JetNation Prospect Preview: LSU Wide Receiver Justin Jefferson
“Historically deep wide receiver draft”, has become a commonly used phrase to describe how special the class of 2020 can be. The number of projected starters this class boasts just within the first two days of the draft is essentially unheard of. Today, we’re going to look at a late 1st/early 2nd round prospect who is a well-known commodity with production and endless positive game film, LSU’s Justin Jefferson.
Jefferson possesses an NFL-worthy frame and traits that could make him a “#1 WR” Not all first round talents are chosen in the first round and a lot of this has to do with QB needy teams, combine risers and other variables that can push these prospects down into the 2nd round. Joe Douglas may very well decide to take an Offensive Tackle in round 1 and so begins the focus shift towards the playmakers that he desperately needs.
In 2018, Jefferson hauled in 54 receptions (63% catch rate) for 875 yards, 6 touchdowns at a 16.4 yards per catch clip. In 2019, he exploded for 111 receptions (91% catch rate), 1540 yards, 13.9 ypc and 18 touchdowns. Jefferson displayed an ability to perform well under the spotlight as well. In the Peach Bowl, Jefferson logged 14 catches for 227 yards and he wasn’t done yet. Two weeks later he faced a more adequate defense in Clemson. All he did in that contest was pick up 9 catches for 106 yards, as well as a memorable moment where he hit Tanner Muse with an absolutely filthy juke move reminiscent of Reggie Bush. He has been one of the most productive players in college football since he hit the field.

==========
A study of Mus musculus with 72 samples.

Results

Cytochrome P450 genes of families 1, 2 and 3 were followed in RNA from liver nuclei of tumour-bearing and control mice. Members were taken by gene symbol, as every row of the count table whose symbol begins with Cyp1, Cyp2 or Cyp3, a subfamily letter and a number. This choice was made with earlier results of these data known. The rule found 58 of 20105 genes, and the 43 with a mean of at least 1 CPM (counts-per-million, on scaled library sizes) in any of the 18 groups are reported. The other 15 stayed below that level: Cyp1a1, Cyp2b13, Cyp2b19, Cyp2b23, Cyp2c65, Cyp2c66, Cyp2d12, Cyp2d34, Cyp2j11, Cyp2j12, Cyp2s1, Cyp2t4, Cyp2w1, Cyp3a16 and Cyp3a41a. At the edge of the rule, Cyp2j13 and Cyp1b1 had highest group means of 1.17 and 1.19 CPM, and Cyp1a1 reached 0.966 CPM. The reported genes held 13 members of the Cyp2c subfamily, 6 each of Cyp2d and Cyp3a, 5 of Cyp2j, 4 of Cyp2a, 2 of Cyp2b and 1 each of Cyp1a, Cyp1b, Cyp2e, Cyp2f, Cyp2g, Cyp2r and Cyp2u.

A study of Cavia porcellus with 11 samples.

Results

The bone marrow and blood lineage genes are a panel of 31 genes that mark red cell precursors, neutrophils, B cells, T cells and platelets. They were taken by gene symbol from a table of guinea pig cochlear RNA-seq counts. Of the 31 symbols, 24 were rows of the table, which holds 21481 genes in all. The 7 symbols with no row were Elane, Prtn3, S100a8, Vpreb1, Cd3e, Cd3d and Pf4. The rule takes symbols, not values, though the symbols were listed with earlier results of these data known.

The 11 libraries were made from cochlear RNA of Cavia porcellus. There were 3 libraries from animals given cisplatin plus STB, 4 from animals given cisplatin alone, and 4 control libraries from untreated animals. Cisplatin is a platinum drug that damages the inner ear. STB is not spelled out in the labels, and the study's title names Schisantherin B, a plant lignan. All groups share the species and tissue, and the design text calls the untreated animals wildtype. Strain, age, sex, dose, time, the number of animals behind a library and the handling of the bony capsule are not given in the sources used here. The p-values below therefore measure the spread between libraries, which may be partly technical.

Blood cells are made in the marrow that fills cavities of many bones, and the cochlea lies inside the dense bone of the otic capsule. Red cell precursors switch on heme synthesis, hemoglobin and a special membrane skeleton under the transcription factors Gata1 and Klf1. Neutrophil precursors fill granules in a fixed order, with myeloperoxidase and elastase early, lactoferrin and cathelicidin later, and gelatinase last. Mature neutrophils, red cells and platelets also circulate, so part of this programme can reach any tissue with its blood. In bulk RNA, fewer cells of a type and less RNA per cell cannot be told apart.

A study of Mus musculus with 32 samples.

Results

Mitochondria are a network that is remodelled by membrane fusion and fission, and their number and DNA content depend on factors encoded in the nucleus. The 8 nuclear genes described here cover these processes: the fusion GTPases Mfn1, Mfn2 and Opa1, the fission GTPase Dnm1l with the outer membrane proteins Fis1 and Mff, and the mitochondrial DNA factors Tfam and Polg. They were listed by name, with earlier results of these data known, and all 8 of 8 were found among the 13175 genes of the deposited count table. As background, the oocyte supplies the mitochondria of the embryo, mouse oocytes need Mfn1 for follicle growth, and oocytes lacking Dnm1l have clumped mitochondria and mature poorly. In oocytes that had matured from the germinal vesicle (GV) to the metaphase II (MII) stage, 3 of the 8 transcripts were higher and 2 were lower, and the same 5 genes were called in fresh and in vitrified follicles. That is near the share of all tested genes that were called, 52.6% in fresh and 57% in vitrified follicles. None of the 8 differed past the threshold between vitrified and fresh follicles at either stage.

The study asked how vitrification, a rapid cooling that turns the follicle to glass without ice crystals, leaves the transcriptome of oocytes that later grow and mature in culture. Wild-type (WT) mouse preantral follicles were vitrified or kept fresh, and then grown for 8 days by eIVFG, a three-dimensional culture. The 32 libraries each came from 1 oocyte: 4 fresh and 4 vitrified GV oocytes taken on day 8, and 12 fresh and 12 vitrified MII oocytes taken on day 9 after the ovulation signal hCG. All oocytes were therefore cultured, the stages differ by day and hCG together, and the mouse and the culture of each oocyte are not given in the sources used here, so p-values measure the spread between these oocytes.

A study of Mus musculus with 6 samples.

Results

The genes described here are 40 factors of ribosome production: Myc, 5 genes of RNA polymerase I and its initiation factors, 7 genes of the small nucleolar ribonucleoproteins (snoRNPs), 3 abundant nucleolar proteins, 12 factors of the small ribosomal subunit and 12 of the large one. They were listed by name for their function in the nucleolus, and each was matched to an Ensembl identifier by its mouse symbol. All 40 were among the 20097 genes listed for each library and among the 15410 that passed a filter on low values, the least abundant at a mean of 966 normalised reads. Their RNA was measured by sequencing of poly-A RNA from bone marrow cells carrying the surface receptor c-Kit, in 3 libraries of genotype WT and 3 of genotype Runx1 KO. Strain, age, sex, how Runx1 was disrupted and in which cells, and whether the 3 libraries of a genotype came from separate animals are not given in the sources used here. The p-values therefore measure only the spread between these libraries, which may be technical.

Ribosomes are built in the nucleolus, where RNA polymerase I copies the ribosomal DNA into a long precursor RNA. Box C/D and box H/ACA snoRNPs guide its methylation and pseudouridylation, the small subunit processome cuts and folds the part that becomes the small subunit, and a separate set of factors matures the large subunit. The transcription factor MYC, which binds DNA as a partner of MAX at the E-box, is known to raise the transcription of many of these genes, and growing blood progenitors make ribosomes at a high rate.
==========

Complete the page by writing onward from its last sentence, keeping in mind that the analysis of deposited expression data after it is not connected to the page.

Who can forget this move Justin Jefferson put on Tanner Muse? Stops on a dime, Muse loses his footing and falls flat on his back while Jefferson picks up some additional ground. pic.twitter.com/lCMUvr5U5X
— Glenn Naughton (@AceFan23) February 22, 2020
— SEC Network (@SECNetwork) January 14, 2020
Solid route runner with secure hands and the ability to win 50/50 balls. Has excellent body control and how to naturally positions himself for the catch. In addition, he’s a willing blocker. Aggressively fights to create space for his running backs. Never gives up on plays even when it doesn’t directly involve him. Jefferson frequently saw top SEC defenses in his time at LSU but that didn’t slow him down. As a result, he has also seen the best defensive minds game plan against him. He scorched Georgia and Florida, as well as putting up very respectable numbers against Alabama and Auburn. Jefferson shows a variety of moves when releasing off the line and has enough strength to get off of jams. Jefferson is good short/intermediate route runner and lives for the contested catches. He has a wide catch radius and loves show corners exactly how wide on a consistent basis.
Jefferson’s 40 yard dash and 3 cone will be two metrics of athleticism that scouts will be looking at closely. He isn’t a burner-type of receiver and he doesn’t have a lot of twitch mid-route. He’ll need to rely on his route running and ability to identify coverage and adjust more than his athleticism because he lacks elite speed to burn NFL corners with ease. If he struggles to find success leaning on his strengths to gain consistent separation, he’ll struggle in adjusting to the NFL. Polishing his route running and gaining an understanding for what defenses are trying to do to him are his biggest keys to extinguishing some of the doubt in his ability to beat coverage on the next level. You don’t have to be a track star to succeed as a pro, however, you do need to be able to do certain things very well to make up for this. Corner’s reaction time and closing speeds are just too good.